Sunday, August 30, 2009

My Confession

I have a confession to make. Please don't think less of me after you read it. I'm just being honest with my readers and also making a point about the health care debate. Ready? Here it goes: medicine for me is not a calling. There. I've said it. Do you think I'm less of a doctor now that you know the truth? Don't get me wrong. I love my job. It's a very honorable field and we do good things for our fellow human being. But it is not a religious experience.

The reason I brought this up is because of several articles I've read recently. First there is the opinion piece in the Wall Street Journal by Dr. Ronald Dworkin, an anesthesiologist. He says that to the current generation of upper middle class professionals, a career satisfies an interest and the income sustains them once the interest inevitably subsides.

Then there is this comment to Dr. Dworkin's editorial by a Mr. Thomas Elmo. Mr. Elmo rebuts, "You don't become a teacher, policeman, fireman, minister or doctor if you DON'T think it is a calling." I wondered if that is truly how the public sees doctors, that we are doing this work because it is our "calling" and thus undeserving of higher compensation?

I will bet that 99.999% of people doing their jobs are not in it because of some "calling." Unless one is going into ministry, nearly everybody has an economic or personal reason for making a certain career. Maybe the profession runs in the family. Or somebody wants to make a bucket load of money. Or maybe they were inspired by a mentor. But very few people actually hear a calling, despite what Mr. Elmo says. In fact, other than priests and nuns, the list of people who heard a calling probably starts with Jesus and ends with Martin Luther King, Jr., with Gandhi, Mother Teresa, and Joan of Arc somewhere in there.

I can honestly say I never heard a voice telling me to go into medicine. My father is a physician, as was his father. My brother went into medicine too; it's what we know. Is that any different from the auto plant worker who's children follow them into the factory? Or the lawyer whose children join the same law group? Or the politician whose entire clan gravitates toward the same profession? Do you think President Obama heard a calling to become the POTUS? If so should he work for minimal wage or free since that is his destiny? What about the members of Congress? They like to think they're there to make the country a better place and do what's right for the citizens. Would they be so high-minded if they made less? The truth--they give themselves raises and private jets every chance they get, budget deficit be damned.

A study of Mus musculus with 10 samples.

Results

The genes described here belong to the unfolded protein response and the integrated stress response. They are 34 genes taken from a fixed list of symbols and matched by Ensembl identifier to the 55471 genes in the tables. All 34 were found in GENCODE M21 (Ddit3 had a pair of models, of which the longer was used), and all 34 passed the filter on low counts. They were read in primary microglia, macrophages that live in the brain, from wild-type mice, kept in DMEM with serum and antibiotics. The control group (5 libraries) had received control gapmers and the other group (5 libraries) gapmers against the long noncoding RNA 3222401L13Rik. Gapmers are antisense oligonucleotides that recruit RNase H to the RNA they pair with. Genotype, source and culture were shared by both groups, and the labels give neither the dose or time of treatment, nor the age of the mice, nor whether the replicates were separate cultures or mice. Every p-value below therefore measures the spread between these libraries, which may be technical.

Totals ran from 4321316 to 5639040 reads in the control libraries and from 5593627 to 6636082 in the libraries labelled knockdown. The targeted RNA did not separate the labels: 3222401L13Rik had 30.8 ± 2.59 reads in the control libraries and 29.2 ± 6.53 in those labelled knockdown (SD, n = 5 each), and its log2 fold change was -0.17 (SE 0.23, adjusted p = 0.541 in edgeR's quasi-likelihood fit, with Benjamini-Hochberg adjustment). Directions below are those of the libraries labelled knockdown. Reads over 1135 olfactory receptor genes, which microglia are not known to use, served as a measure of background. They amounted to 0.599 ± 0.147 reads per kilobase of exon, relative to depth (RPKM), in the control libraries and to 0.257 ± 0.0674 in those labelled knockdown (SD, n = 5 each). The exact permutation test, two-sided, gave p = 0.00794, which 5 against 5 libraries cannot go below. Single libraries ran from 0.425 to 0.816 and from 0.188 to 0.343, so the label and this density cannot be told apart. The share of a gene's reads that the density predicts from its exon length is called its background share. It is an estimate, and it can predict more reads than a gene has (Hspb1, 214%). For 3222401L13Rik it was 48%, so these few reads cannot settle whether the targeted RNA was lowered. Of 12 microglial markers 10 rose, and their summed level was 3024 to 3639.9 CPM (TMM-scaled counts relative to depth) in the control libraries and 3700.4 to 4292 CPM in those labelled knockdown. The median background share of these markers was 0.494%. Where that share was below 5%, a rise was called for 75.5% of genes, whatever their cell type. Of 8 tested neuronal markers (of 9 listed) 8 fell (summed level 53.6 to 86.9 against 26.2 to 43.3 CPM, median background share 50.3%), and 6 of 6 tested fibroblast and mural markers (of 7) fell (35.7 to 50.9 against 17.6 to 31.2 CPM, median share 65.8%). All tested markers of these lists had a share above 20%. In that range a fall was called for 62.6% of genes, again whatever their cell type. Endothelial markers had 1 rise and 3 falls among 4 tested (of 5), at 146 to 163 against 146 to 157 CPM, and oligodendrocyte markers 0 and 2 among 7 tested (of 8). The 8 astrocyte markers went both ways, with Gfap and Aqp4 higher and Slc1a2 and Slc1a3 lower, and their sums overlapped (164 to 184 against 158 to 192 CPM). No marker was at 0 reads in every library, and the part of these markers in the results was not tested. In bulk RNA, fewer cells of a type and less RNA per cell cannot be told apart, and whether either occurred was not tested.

Other professionals like lawyers aren't ashamed to say they do it for the money. So why are doctors held to a higher standard? Is it so wrong to say medicine gives me a nice income to support my family and make a nice living? By saying doctors should be completely altruistic it gives opponents an excuse to lower doctors' reimbursements in the name of holding down health care costs. But some doctors are already making less than their local plumbers on an hourly rate. Plumbers (just to use as an example) don't have to answer calls in the middle of the night. They don't work weekends. They don't have to shell out tens of thousands of dollars for malpractice insurance (when was the last time you sued your plumber?). They want cash on the spot, no freebies from these guys. And they didn't go through at least eight years of higher education after high school before even starting residencies. Yet this health care debate revolves around cutting Medicare reimbursements even lower. If the public option based on Medicare rates gets passed, we'll see who really is in medicine because of a calling.

So to wrap up this tirade. I like my job. I like my income. I don't think I'm less of a doctor because I'm not working at the free clinic every day. To those who think doctors shouldn't mind making less money because the work is their destiny, I say come walk in my shoes. Try working 60-70 hours a week, practically nonexistent family time, and the threat of a malpractice lawsuit hanging over your head with every patient you see. Then you can tell me how little income you'd be willing to work for.

1 comment:

  1. Amen brother. As soon as I can Im getting out of INDUSTRIAL MEDICINE.